John Levitow and Spooky 71
John Levitow and the AC-47D Spooky Gunship (43-48770) shown above are permanently connected. They are both part of of the Vietnam war's history.
The aircraft was converted from a C-47B for use in Vietnam. A total of 53 such conversions were made. (Both photos of Spooky 71 were taken by Horace Sagnor at the 2008 McGuire AFB air show.)
On February 24, 1969, this AC-47D, call sign Spooky 71, of the 3rd Special Ops Squadron took off in the early evening to attack two enemy positions near Long Binh Army Base which was under mortar attack. Spooky 71’s first attack run went fine, but while setting up for its second attack, trouble ensued.
In order to illuminate ground targets, MK24 flares were used. These magnesium flares were 10 inches in diameter, 2 feet long, and weighed 27 pounds. They would burn for 3 minutes and had the intensity of 2 million candlepower.
On Spooky 71’s second attack run, a flare was being prepared by Airmen First Class (A1C) John Levitow. He went about his usual business of setting the delays for the flare - 10 seconds for parachute deployment, 10 seconds later to ignite the flare.
He handed the flare to one of the gunners, A1C Owens, to attach a lanyard that pulls the safety pin from the flare as it is thrown out. At this point, the plane was hit with a mortar round which forced the plane into a right banking dive. Everyone was thrown to the floor.
Levitow, Owens, and a second gunner known as ‘Bear’ were wounded by flying shrapnel. At the exact moment of the explosion, Owens had his finger in the loop of the safety pin. The jolt of the mortar blast pulled the pin from the flare. It was now armed.
Though he had more than 40 shrapnel wounds to his back and legs, John went about pulling Owens from the open cargo door and started to check on ‘Bear’. At this point he realized the flare was armed. He carried it to the door and tossed it out just as it ignited. His actions saved the crew.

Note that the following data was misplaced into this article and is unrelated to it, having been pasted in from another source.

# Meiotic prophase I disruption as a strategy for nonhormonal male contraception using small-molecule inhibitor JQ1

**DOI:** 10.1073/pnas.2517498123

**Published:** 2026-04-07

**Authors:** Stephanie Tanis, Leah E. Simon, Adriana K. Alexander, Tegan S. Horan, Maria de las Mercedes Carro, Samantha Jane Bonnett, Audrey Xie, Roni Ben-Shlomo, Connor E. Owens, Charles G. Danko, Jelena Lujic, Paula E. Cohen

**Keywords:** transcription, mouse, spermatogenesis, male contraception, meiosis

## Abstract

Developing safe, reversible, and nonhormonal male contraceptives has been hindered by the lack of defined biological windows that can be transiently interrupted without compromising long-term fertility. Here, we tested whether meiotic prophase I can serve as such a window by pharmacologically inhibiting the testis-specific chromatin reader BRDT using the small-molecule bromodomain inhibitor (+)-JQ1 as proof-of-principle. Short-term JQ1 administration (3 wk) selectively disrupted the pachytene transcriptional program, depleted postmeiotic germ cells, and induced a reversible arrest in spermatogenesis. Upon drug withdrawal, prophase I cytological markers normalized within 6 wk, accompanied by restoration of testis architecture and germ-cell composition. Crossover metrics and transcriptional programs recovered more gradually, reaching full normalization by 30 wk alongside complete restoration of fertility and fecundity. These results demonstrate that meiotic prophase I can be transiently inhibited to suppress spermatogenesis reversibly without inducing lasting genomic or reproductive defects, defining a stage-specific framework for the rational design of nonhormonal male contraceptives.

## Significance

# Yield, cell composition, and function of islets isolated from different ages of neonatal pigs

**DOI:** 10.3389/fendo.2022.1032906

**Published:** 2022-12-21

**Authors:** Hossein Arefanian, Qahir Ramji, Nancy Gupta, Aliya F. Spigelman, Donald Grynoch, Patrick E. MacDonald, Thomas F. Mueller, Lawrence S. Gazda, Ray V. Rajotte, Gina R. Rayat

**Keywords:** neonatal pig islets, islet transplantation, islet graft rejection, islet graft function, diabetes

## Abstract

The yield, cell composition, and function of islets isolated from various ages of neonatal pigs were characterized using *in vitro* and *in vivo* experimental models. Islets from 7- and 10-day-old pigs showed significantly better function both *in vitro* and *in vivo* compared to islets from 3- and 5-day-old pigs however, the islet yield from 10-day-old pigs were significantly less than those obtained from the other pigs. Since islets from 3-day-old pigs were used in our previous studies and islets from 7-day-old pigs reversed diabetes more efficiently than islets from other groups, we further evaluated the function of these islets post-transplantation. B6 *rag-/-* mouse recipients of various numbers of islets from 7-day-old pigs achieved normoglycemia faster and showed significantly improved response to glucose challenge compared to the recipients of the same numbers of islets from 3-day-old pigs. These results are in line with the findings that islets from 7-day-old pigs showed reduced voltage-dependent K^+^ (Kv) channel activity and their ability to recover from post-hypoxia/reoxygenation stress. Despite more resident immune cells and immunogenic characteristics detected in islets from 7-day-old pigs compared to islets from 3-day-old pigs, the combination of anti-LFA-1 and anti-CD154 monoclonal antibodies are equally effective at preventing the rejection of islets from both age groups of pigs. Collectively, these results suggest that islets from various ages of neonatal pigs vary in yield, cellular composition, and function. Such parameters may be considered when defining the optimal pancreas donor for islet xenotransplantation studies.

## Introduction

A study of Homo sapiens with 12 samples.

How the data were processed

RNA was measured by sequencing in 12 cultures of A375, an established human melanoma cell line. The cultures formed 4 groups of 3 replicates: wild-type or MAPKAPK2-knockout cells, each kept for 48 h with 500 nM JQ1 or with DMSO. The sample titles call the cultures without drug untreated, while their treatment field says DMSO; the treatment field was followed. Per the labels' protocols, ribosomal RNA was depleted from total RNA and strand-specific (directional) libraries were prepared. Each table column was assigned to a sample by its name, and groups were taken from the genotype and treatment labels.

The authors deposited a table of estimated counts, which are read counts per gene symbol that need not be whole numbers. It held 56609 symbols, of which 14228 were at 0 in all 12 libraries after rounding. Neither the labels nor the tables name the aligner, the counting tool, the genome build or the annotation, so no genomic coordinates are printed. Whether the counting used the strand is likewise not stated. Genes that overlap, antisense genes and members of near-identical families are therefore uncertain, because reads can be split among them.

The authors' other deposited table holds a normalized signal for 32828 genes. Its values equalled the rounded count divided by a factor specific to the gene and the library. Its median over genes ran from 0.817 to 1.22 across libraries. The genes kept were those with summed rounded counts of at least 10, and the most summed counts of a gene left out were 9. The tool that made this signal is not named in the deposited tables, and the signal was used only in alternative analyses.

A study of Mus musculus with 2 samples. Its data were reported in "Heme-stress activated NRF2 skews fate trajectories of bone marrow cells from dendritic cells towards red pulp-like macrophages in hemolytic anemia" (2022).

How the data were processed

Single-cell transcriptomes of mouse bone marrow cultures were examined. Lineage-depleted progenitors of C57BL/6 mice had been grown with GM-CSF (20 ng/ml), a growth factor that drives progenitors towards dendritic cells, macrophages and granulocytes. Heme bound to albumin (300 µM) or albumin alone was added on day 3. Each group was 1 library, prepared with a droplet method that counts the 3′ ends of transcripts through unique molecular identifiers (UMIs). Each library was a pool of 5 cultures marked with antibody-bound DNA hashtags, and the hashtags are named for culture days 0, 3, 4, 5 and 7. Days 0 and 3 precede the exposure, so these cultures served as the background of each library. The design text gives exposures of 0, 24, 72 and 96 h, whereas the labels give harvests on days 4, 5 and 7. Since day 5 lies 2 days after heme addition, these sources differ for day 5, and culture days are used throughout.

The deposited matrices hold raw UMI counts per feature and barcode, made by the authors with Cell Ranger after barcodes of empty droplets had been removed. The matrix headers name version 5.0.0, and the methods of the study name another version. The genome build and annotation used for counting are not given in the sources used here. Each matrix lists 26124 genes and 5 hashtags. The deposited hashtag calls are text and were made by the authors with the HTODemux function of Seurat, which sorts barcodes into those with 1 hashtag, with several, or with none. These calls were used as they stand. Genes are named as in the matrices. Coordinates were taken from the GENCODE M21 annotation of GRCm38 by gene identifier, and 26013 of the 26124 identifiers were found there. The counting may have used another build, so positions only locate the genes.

MK24 flares burn at 4000 degrees F and if allowed to burn in the aircraft would have caused any of several catastrophes.
It could have touched off the 20,000 rounds of ammunition they were carrying, or it would have burned a hole in the floor igniting the fuel tanks, or the crew would have been blinded making an emergency landing impossible, or the toxicity of the burning magnesium would have incapacitated the crew causing a crash.
Thanks to the John's heroism, the aircraft made an emergency landing at Bien Hoa Air Base where he ignored his own serious wounds and aided in the evacuation of his wounded crewmates. He had to be ordered onto a MEDEVAC aircraft. For his actions, A1C John L. Levitow received the Medal of Honor.
On November 8, 2000, after a year and a half battle with cancer, John Levitow passed away. He was given an honor guard funeral deserving of an American hero.
John never talked about his medal or his actions on that day in 1969. He didn’t even remember most of it, but the other members of Spooky 71 did. They have him to thank for their lives. I wish I had met John just so I could shake his hand and say thank you.